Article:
THE NORTH of England could become more prosperous and attractive to investors if its cities shouted louder about the higher standard of living that exists outside of London, according to the new northern chairman of KPMG.
New research from the accountancy firm highlights the importance to nations of economically strong and well-functioning second-tier cities that provide educational, cultural and occupational opportunities.
But the Magnet Cities report warns that many UK cities are struggling to compete against the “super-strength pull” of the capital and have seen their economies shrink in spite of growing populations.
In an interview to mark his appointment, Chris Hearld pointed to the findings of the KPMG study to argue for a more concerted effort among northern cities to promote the region’s strengths.
He also urged greater devolution of political decision making to help build a stronger economy in the North.
And he welcomed the widening acceptance that cities outside of London have a role to play in rebalancing the UK economy and creating growth in the future.
Mr Hearld told The Yorkshire Post: “What really drives economic development in our experience is creating an environment that wealth generators want to be part of and that will attract business and investment and employment behind it.
“That’s really a reversal of conventional thinking which is to build an enterprise zone, offer business rates relief and attract business and the people will come to the jobs.
“We are saying it works the other way around. To create an environment that’s attractive to those people needs local decision making because those people know what’s right in a local market.”
Mr Hearld, 43, said northern cities “can’t afford to be shy” about their attributes “in a competitive world that’s trying to attract the best people to come and live and work”.
His boss, Simon Collins, the UK chairman of KPMG, last week warned that owning a home in London was fast becoming “a fairytale for all but society’s wealthiest”.
Mr Hearld said businesses, professional services firms and local government should be more explicit about the fact it is cheaper to do business in the North.
He added: “That also means it is a better place to grow a family, to buy a house, to send your kids to school.
“That has got to be positive for people starting out on a career ladder.”
He insisted that the message was not about cheaper labour.
Mr Hearld said: “It’s about overall package. It’s about the standard of living. Of course, the salaries are lower, we all know that. But equally the cost of living is significantly lower. It is demonstrable.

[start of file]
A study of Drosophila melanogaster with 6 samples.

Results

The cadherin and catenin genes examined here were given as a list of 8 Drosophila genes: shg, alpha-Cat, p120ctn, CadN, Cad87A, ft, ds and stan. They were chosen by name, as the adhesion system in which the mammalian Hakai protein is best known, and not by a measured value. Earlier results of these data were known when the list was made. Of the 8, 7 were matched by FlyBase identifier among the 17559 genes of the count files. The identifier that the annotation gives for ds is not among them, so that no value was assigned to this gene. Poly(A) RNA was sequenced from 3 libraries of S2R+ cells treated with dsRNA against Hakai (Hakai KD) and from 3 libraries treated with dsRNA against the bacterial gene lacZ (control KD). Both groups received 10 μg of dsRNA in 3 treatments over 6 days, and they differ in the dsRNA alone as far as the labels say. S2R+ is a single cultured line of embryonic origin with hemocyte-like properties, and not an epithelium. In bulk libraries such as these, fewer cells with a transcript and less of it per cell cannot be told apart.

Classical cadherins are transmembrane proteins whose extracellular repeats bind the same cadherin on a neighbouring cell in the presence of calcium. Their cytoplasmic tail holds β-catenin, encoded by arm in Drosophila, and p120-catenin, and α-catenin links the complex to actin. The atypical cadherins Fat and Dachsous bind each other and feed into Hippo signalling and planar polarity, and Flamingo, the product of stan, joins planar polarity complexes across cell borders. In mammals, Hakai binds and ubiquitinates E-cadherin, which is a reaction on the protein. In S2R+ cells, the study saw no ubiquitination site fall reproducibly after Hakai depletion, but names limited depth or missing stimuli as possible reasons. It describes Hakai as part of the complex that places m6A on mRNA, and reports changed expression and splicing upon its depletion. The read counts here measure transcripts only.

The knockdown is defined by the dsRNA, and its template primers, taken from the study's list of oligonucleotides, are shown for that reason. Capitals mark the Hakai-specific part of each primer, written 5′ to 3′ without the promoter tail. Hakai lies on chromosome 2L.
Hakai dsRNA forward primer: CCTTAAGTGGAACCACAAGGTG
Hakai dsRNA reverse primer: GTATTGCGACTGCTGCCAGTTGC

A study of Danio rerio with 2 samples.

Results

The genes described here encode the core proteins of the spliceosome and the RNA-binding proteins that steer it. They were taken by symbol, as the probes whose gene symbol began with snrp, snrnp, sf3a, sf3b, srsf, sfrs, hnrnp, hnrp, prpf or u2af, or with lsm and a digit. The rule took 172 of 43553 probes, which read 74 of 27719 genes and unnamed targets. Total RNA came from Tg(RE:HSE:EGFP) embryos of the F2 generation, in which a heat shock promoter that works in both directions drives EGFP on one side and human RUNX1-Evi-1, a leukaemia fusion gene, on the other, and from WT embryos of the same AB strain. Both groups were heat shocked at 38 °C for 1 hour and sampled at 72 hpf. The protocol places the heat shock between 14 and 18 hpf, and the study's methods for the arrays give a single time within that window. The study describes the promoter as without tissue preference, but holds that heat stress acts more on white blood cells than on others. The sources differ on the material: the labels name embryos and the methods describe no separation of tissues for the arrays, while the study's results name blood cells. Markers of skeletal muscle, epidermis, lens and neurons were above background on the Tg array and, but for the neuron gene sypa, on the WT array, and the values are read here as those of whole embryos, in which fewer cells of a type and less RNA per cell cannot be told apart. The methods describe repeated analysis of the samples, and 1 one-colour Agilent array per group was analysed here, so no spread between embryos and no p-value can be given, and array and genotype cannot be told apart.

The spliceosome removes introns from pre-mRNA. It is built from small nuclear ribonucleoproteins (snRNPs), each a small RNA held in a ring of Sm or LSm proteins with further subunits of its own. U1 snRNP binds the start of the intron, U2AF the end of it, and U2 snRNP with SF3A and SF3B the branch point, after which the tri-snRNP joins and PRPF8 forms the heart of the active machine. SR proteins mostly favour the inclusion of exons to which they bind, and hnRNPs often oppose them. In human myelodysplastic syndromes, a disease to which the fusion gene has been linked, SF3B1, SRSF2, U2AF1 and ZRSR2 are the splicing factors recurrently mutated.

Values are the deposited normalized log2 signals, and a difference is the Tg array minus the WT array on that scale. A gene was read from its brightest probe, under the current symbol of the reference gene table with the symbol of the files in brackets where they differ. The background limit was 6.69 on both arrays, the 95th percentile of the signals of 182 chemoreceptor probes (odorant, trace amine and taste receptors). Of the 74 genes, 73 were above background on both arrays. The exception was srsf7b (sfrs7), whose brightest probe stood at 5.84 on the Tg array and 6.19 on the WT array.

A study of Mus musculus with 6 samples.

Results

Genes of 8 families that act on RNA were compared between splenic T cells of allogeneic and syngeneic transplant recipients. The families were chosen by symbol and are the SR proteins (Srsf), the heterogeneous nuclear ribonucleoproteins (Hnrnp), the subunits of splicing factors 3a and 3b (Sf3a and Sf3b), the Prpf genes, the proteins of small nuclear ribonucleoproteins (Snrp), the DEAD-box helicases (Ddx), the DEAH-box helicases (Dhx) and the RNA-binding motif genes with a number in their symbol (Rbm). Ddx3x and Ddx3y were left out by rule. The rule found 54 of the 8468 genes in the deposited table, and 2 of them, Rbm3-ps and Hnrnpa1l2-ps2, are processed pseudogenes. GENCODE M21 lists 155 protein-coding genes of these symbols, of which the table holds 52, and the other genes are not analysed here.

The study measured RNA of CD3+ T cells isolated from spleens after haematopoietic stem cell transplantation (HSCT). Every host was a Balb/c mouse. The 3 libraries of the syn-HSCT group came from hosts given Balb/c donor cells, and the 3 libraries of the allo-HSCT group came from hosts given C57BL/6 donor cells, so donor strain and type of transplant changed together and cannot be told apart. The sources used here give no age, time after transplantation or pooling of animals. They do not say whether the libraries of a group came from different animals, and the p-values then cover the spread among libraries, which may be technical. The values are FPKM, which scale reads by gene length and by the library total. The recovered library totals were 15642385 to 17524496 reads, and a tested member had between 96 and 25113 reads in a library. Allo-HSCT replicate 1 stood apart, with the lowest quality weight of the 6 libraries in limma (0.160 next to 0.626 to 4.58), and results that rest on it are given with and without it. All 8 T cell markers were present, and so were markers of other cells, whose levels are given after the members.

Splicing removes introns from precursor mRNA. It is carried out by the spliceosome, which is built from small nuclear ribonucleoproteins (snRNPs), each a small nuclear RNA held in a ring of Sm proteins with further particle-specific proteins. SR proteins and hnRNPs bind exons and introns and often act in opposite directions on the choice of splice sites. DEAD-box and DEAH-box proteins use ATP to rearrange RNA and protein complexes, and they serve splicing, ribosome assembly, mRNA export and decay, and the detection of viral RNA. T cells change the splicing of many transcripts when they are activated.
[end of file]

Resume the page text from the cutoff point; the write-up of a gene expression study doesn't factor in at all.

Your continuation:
“I think all the northern cities should be making that point.”
Mr Hearld questioned whether the business community and local government are doing enough to keep hold of the top talent coming out of Leeds’ universities.
He said: “That’s relevant for us as an employer but it’s also relevant because we are looking at an economy that can create the clients of tomorrow for us.”
Mr Hearld said “top marks” for the Leeds Arena and the Trinity and Victoria shopping centres, “but they’re done now, so what’s the next thing?”.
In his new role, which is effective from tomorrow, he will lead KPMG’s largest operation outside of London, including its Manchester, Liverpool, Preston, Leeds and Newcastle offices.
The region contributes annual fee income of £205m and employs more than 1,700 staff and 60 partners.
Mr Hearld, who was born in York, joined KPMG in 1992 and has been an audit partner for nearly ten years.
He was named head of the Leeds office in May 2012.
Mr Hearld predicted that the private company market would be very important for the firm in the next few years.
KPMG hired Ian Beaumont from mid-tier accountancy firm BDO to spearhead its assault on the mid market sector. He starts his new role tomorrow.
“We have got to be strong in that market if we are going to be strong as a firm,” said Mr Hearld.
KPMG could roll out more business hubs
Chris Hearld hinted at new office openings for KPMG in the North.
The Big Four accountancy firm opened a small office in Chester in the summer.
“That’s a model we could look to roll out elsewhere,” he said.
The office has no permanent staff; it is used by employees from KPMG’s office in Manchester to meet clients in the region.
KPMG set up the business hub in the University of Chester’s Riverside Innovation Centre with the aim of supporting and working more closely with companies large and small across Chester and North Wales.